Need For Speed Carbon Xbox 360 Review
The Need for Speed series has been around since just after the dawn of time, or so it seems, and yet again brings another high quality game, Carbon (so named as it has an area named Carbon Canyon, not due to carbon body kits). There’s always been something that gives the Need for Speed games the trend of not disappointing me. This instalment sees you return to the city from Need for Speed Underground 2 and follows on from Need for Speed Most Wanted with Cross (the cop from NFS Most Wanted) hot on your trail.
Soon you find yourself without your pimped to the max car and being given a new low level ride (hmmmm, hasn’t that started to become a little clichéd in NFS?) Now’s the time to choose your ride; will you drive Muscles, Tuners, Exotics? Each car class has its own style and advantages. Once you’ve picked your ride you race to unlock new gear, get cash and take control of parts of the city. Yes, that’s right; in Carbon you actually control turf and have to take it from rival crews. You yourself will eventually control a crew who join you in races (one at a time), offering you help in one of 3 ways; there are “Blockers” who will ram other cars to slow them down when you tell them, “Drafters” allow you to gain speed in their stream and then catapult yourself out at high speed, and thirdly “Scouts” map out the shortcuts! Both Drafters and Blockers only have a limited use, however.
Boss races are now a three stage affair that comprise of one normal race and a two part downhill race in Carbon Canyon, where you firstly pursue the boss as closely as possible to gain points and then switch rolls as he has to stay as close as possible to reduce the points you gained in part one. Those of you who have played the other recent chapters could either be impressed or disappointed (I think it’s ok my other half doesn’t like it). Drags have been dropped and drifts are back with a few minor changes and a whole new feel to the drift physics, which makes drifting more fun. Apart from the changes mentioned such as crew, boss races and no more drag, the racing style has not changed, and we see more ok acting in the FMVs. My one major disappointment is the music tracks that have been selected and the fact that tracks are related to car type. There’s a challenge section to the game which gets unlocked through playing the career mode, which is playable when not in career, that then unlocks new parts and cars and other bonuses in career (sounds like a lot of going in and out of career doesn’t it?), and the game expands with online play to add some online exclusive modes like pursuit, in which the players who are losing the race turn into cops and have to slow down the other players to gain “cop points”.
Need for Speed Carbon isn’t that different when compared to Underground or Most Wanted. It draws the two games’ elements together whilst adding only a few new features. The graphical improvements are minor but welcome, such as the improved speed blurring which is now less of a ‘whole screen going fuzzy when driving fast’ and more of a defined speed blur. The musical tracks don’t live up to the same standard as the other games in the series as they’re quite easily forgettable, but on the upside there has been major improvements to the sounds of the engines and the other racing sound effects. Likewise, the addition of crew members talking to you during the race can be both helpful and informative, but also annoying after a while. Another plus point is that police also make a ping sound and show up on your mini map, stopping them from sneaking up on you as easily as in Most Wanted.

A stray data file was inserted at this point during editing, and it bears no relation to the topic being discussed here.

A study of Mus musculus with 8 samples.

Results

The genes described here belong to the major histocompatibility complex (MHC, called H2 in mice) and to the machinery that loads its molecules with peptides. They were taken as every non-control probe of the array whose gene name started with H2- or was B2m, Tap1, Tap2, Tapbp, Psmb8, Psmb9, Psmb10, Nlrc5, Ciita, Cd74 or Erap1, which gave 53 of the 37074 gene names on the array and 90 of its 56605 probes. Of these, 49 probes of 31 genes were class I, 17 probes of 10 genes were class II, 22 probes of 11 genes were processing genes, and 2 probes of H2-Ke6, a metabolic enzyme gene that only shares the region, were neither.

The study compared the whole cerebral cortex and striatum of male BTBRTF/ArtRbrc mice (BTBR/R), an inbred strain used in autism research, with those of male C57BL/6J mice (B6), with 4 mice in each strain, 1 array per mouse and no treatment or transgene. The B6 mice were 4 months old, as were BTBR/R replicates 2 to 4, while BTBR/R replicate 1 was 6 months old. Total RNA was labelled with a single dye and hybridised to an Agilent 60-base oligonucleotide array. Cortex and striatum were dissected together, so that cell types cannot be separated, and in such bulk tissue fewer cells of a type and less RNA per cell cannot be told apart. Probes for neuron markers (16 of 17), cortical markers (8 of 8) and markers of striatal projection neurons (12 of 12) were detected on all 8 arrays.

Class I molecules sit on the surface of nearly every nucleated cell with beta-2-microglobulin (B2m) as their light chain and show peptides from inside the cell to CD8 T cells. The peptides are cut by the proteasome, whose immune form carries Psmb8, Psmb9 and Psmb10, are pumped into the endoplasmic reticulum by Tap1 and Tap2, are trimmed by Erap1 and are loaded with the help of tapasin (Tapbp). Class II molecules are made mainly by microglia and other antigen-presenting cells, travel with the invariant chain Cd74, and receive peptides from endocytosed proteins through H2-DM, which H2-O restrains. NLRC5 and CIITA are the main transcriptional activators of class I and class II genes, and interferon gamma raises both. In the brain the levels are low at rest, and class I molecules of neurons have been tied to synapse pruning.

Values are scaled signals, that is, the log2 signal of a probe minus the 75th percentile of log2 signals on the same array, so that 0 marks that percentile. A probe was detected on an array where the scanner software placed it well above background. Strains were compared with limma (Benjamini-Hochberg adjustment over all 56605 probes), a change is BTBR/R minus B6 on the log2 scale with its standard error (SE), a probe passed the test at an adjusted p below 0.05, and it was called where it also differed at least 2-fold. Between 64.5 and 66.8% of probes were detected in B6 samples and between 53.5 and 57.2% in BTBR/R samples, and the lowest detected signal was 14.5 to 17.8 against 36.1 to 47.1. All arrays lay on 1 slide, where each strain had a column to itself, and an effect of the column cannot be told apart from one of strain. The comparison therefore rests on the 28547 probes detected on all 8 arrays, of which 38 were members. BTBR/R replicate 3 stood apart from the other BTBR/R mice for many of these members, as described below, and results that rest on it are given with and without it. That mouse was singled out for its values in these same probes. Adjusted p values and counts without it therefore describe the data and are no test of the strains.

The ‘auto sculpt’ feature is fun for anyone who likes to pimp their ride, giving you much more control over the looks of your aftermarket body parts. It allows you to modify the look of your custom parts using a slider system to tweak your chosen bodykit and car components, and the vinyls are now far more customisable, with both size and location able to be changed as well as being able to modify the layers, allowing you to re-order them whenever you like. Once your machine is pimped into an evil looking race demon you can go online and race or just show off your modding skills; the Xbox 360 handily allows you to pause the game at any time to take a picture of your car and then post it on the live service so everyone can drool at your uber pimping skills.
This isn’t a long game, and can be completed in around 10 hours, but I’d recommend that you don’t rush it; unlock everything, play with all the cars and don’t forget to have fun in the random “boy racer” encounters that boost your cash. Money is harder to scrape together if you plan on collecting a lot of cars, as after the first time you compete in a race you can only earn 10% of the cash in each subsequent race, and an over-eagerness to visually upgrade your cash will impact your parts upgrades due to a lack of funds.
I would class this game as a must play, and if you haven’t already played Need for Speed Underground 2 and Most Wanted then give them a try; Underground 1 isn’t quite up to the same level and you aren’t missing much by skipping it. This isn’t a difficult game by any means, but it is good fun. The storyline is predictable, the FMVs can be annoying after a while, the new content is limited and the game could have been longer, but the good points of having a crew, the continuation of the quality of gameplay and the improved graphics and physics make it a good game. This game is sure to please die hard fans and new players alike, but may be a disappointment to anyone who expects a completely new game or much of a change from previous ventures.
A must play but probably not a replay!